Simply put, gas is the gold standard for people who like to cook — whether it’s professionally or at home. In fact, 96% of professional chefs prefer cooking with gas over electricity!
It’s no wonder, then, that propane gas consumers in Chattanooga, Gatlinburg, Spring Hill and many other Tennessee communities want to get accurate information about gas stoves, as well as other propane appliances. Let’s start with how much fuel you can expect to use when you have a propane gas stove.
Generally, a propane gas stove for residential use will only need about 35 gallons of propane per year. If your family does a lot of cooking, anticipate higher usage in the 60-gallon range. You may be surprised by this relatively low annual usage, but there is a good reason. Propane gas ranges are incredibly efficient. One gallon of propane produces about 91,502 Btu of heat energy.
If one of the larger burners on your propane range produces 18,000 Btu per hour, then one gallon of propane will power that burner for over five hours.
That means you can fuel a propane-fired stove and oven, plus other propane appliances, with a modestly sized propane tank on your property that doesn’t require too many fuel deliveries over the course of the year.
There are many reasons that propane stoves have been so prevalent in new home construction. Here are just three.
Besides the type of gas used to power your stove, the major difference between a propane stove and a natural gas stove are the gas jet nozzles. Because propane is highly pressurized, the nozzles have much smaller holes. Natural gas isn’t pressurized as much as propane, so the nozzles have larger holes. That’s the reason propane and natural gas stoves can’t be interchanged as is. If you wanted to switch from a natural gas stove to one that’s fueled by propane, you would need to get a propane conversion kit for stoves. This is needed to replace the gas jets. For safety reasons, this job is best left to a professional.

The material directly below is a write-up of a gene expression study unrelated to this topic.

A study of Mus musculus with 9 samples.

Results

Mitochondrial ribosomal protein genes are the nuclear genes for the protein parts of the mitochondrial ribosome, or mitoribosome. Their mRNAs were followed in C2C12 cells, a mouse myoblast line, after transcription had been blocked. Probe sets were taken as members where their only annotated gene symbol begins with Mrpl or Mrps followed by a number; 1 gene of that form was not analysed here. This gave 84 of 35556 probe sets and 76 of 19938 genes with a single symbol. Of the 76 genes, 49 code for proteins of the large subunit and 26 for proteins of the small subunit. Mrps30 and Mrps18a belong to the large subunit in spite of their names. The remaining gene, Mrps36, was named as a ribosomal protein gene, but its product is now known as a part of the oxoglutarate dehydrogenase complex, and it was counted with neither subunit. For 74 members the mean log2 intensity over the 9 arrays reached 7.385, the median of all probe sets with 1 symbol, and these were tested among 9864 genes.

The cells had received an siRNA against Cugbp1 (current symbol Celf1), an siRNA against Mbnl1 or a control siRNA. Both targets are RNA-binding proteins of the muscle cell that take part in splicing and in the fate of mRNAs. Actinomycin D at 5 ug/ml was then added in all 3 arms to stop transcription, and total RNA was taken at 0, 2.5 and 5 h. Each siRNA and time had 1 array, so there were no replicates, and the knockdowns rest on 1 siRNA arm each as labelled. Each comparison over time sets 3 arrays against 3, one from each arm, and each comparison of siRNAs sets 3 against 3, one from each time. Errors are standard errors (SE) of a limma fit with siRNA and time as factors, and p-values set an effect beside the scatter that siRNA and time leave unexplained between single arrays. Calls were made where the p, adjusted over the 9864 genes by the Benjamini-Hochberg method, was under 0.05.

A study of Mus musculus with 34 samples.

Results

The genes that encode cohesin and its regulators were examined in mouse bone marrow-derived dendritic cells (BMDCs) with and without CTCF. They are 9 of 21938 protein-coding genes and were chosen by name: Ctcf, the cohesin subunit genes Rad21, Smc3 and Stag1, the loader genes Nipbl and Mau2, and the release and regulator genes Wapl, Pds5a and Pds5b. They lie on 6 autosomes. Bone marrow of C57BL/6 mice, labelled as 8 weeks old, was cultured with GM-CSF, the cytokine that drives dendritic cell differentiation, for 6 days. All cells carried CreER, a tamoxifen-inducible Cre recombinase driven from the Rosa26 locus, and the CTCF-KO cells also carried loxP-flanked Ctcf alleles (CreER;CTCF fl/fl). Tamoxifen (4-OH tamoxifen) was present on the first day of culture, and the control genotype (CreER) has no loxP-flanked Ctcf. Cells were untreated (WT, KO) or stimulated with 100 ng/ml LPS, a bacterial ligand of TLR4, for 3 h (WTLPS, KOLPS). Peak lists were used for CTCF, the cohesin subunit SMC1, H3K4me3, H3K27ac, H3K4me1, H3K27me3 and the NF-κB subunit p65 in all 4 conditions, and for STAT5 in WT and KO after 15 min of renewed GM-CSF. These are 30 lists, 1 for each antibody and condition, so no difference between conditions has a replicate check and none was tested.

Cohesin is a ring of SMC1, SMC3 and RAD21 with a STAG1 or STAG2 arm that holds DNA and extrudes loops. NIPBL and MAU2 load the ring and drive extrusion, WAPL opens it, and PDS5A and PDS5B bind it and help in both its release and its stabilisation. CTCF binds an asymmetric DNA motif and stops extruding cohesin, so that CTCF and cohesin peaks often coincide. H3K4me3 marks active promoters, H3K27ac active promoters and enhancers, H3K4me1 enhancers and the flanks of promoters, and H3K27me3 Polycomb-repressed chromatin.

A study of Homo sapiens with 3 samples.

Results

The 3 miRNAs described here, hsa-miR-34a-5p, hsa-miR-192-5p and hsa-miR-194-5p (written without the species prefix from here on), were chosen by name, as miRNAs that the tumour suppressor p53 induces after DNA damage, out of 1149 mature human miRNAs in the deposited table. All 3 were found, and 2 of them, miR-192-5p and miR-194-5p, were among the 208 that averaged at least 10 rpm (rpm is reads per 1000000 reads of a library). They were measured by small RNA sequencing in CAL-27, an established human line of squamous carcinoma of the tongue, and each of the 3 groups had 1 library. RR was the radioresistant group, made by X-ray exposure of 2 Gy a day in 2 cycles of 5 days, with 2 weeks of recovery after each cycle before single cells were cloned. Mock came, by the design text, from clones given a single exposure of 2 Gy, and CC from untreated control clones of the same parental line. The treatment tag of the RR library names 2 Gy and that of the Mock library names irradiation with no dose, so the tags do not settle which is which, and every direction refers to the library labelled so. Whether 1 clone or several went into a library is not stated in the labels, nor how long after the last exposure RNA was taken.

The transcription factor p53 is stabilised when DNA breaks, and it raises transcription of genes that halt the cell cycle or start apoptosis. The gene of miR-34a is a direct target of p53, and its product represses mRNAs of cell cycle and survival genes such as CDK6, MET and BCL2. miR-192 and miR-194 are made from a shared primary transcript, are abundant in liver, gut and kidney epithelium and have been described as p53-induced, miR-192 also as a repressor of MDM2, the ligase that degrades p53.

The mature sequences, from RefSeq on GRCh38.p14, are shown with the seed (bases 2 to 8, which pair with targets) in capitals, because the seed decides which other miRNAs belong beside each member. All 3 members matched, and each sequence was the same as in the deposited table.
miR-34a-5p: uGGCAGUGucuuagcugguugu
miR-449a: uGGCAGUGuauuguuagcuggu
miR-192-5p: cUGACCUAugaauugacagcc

After a slew of media coverage about gas stoves, many people have become reasonably concerned about the safety and eco-friendliness of propane stoves. But many of the emissions at the center of the current debate don’t come into play with propane.
That’s because recent indoor air quality (IAQ) studies have cited the problem of methane leaks coming from natural gas stoves. Unlike natural gas, however, propane does not contain any methane gas!
Another issue has been the release of particulate matter into the home. Particulate matter refers to microscopic solids or liquid droplets that can be inhaled and cause health problems like asthma. However, all cooking produces some particulate matter, regardless of whether it involves a gas, electric or wood stove.
Our advice is to always use your kitchen range hood or open a nearby window to get ventilation when you cook. You should also have a propane professional check your stove to ensure its safe operation, as you should do with any propane gas appliance.
Read more about indoor air quality and gas stoves.